Tim grew up in a Christian household, but found a disconnect between his church’s teachings and how church members lived their lives. He was introduced to Buddhism over 20 years ago and learned about secular Buddhism in the course of his explorations. Colette Descent edited the interview for SBN.
SBN Editor: When you were younger, were you religious? Did you strongly identify with a particular spiritual tradition? If so, what was appealing to you about that tradition?
Tim Raine: I grew up in a Presbyterian household, and attended almost every Sunday with my family.
SBN: At what point did you find that tradition less appealing to you? Why?
TR: In my early teens, I became aware of how “Sunday Christians” didn’t seem to carry those principles into their daily lives, especially regarding how they treated others. Also, church seemed more and more like a social event.
SBN: Did you gravitate to Buddhism at that point?
TR: No. I found anything that smacked of religiosity to be repellent.
SBN: So, how and why did you become interested in Buddhism? Did you join a sangha? Did you read books by Buddhist authors? What was the impact on you?
TR: In 2000 I was a bachelor, and met a woman who would later become my second wife. After only a couple of months, she announced that she was giving up her lucrative career in real estate to get her MS in psychotherapy . . . at Naropa University – which I hadn’t heard of before. She sent me the syllabus for the course, and I began reading. Everything just made sense to me, so I read even more.
When she returned, I would occasionally join her for her daily meditation. We checked out a vipassana group locally, but found the Sunday morning sit time just too inconvenient.
In 2007 she was diagnosed with glioblastoma, an always-terminal brain cancer. Our mindfulness practice not only enabled us to weather that challenge with some equanimity, but also helped us to help family and friends to deal with it.
After her death in 2009, I really became immersed in studying (reading, listening, practicing) mindfulness and meditation.
SBN: When and how did you learn about a secular approach to the Dharma? Why were you drawn to this approach?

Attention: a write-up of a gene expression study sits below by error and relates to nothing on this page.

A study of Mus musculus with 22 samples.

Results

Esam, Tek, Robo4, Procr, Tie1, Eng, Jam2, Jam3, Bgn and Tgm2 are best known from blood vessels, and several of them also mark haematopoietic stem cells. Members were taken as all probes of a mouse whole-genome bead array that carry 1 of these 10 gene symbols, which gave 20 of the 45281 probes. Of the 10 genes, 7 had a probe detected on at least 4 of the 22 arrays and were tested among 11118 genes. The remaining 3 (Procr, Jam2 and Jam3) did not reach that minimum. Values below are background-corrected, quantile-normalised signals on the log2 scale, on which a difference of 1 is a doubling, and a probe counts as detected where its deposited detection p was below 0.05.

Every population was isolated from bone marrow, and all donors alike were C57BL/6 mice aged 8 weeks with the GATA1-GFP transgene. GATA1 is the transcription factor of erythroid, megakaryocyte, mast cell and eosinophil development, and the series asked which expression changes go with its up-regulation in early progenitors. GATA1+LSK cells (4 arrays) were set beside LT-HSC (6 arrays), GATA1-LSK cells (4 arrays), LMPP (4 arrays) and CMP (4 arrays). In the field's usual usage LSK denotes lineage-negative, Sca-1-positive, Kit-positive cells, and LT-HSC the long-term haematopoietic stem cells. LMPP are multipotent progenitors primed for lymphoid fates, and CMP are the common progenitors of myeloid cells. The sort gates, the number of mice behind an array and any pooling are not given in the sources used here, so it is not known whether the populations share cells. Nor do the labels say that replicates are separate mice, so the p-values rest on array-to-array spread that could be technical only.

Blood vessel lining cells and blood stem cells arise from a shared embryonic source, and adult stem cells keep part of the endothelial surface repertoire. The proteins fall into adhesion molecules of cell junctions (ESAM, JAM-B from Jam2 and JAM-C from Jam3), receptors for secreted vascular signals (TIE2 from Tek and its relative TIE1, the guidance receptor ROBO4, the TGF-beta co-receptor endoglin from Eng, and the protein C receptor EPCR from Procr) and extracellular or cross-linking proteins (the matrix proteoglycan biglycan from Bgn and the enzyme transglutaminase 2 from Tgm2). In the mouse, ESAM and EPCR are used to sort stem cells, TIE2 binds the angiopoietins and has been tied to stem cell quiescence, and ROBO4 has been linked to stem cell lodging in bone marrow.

TR: I encountered Stephen Batchelor’s works in the course of my explorations, which led me to others such as John Peacock, Akincano Marc Weber, and Leigh Brasington. I appreciate their scholarship and explications of early Buddhism – before any religiosity was appended.
SBN: What ideas and practices of a secular approach do you find most impactful in your life?
TR: It seems to me that the buddha was teaching and existential approach to living in peace. All of the machinations around metaphysics and ontology are irrelevant in that framework.
SBN: Do you find that secular Buddhism conflicts with other perspectives that you have? In short, has a secular Buddhist approach created any conflicts or tensions in how you think and act in the world?
TR: Buddhism, especially the secular variety, doesn’t conflict with anything.
SBN: What do your friends and family think about your interest in secular Buddhism?
TR: They all have noticed ‘positive’ changes in the way I interact with others, so they are quite supportive, but don’t join in.
SB: Do you have a regular meditation practice? How much is your practice influenced by secular Buddhism?
TR: I have seven formal weekly sitting times with others (online Zoom), and I usually also sit for about an hour on days when nothing else is scheduled.
SBN: Please describe your current involvement in secular Buddhist (and other Buddhist) activities.
TR: I haven’t understood Buddhism as something to ‘be involved with.’ Practice is practice, on or off the cushion. I do find that sitting with others reinforces my practice, and I really enjoy exploring the Dharma.
SBN: How would you like to see secular Buddhism develop in the years ahead?
TR: As Buddhism has migrated, it has taken on the cultural trappings that pre-exited its arrival. However, most forms of Buddhism in the West are sustained by and support trappings of other cultures; Zen and Tibetan are particularly obvious examples, making uptake even more difficult for beginners. That said, it seems that many – maybe most – folks want that, and feel that it adds a desirable mystery.
I feel that a secular approach might be less conflictive culturally. Most of all, I feel that it must encourage practitioners to “become self-reliant in the practice of the dharma,” as Batchelor notes in closing the Fourfold Task.
If you are interested in sharing the story of your journey, we’d be happy to hear from you! Please contact Colette at firstname.lastname@example.org.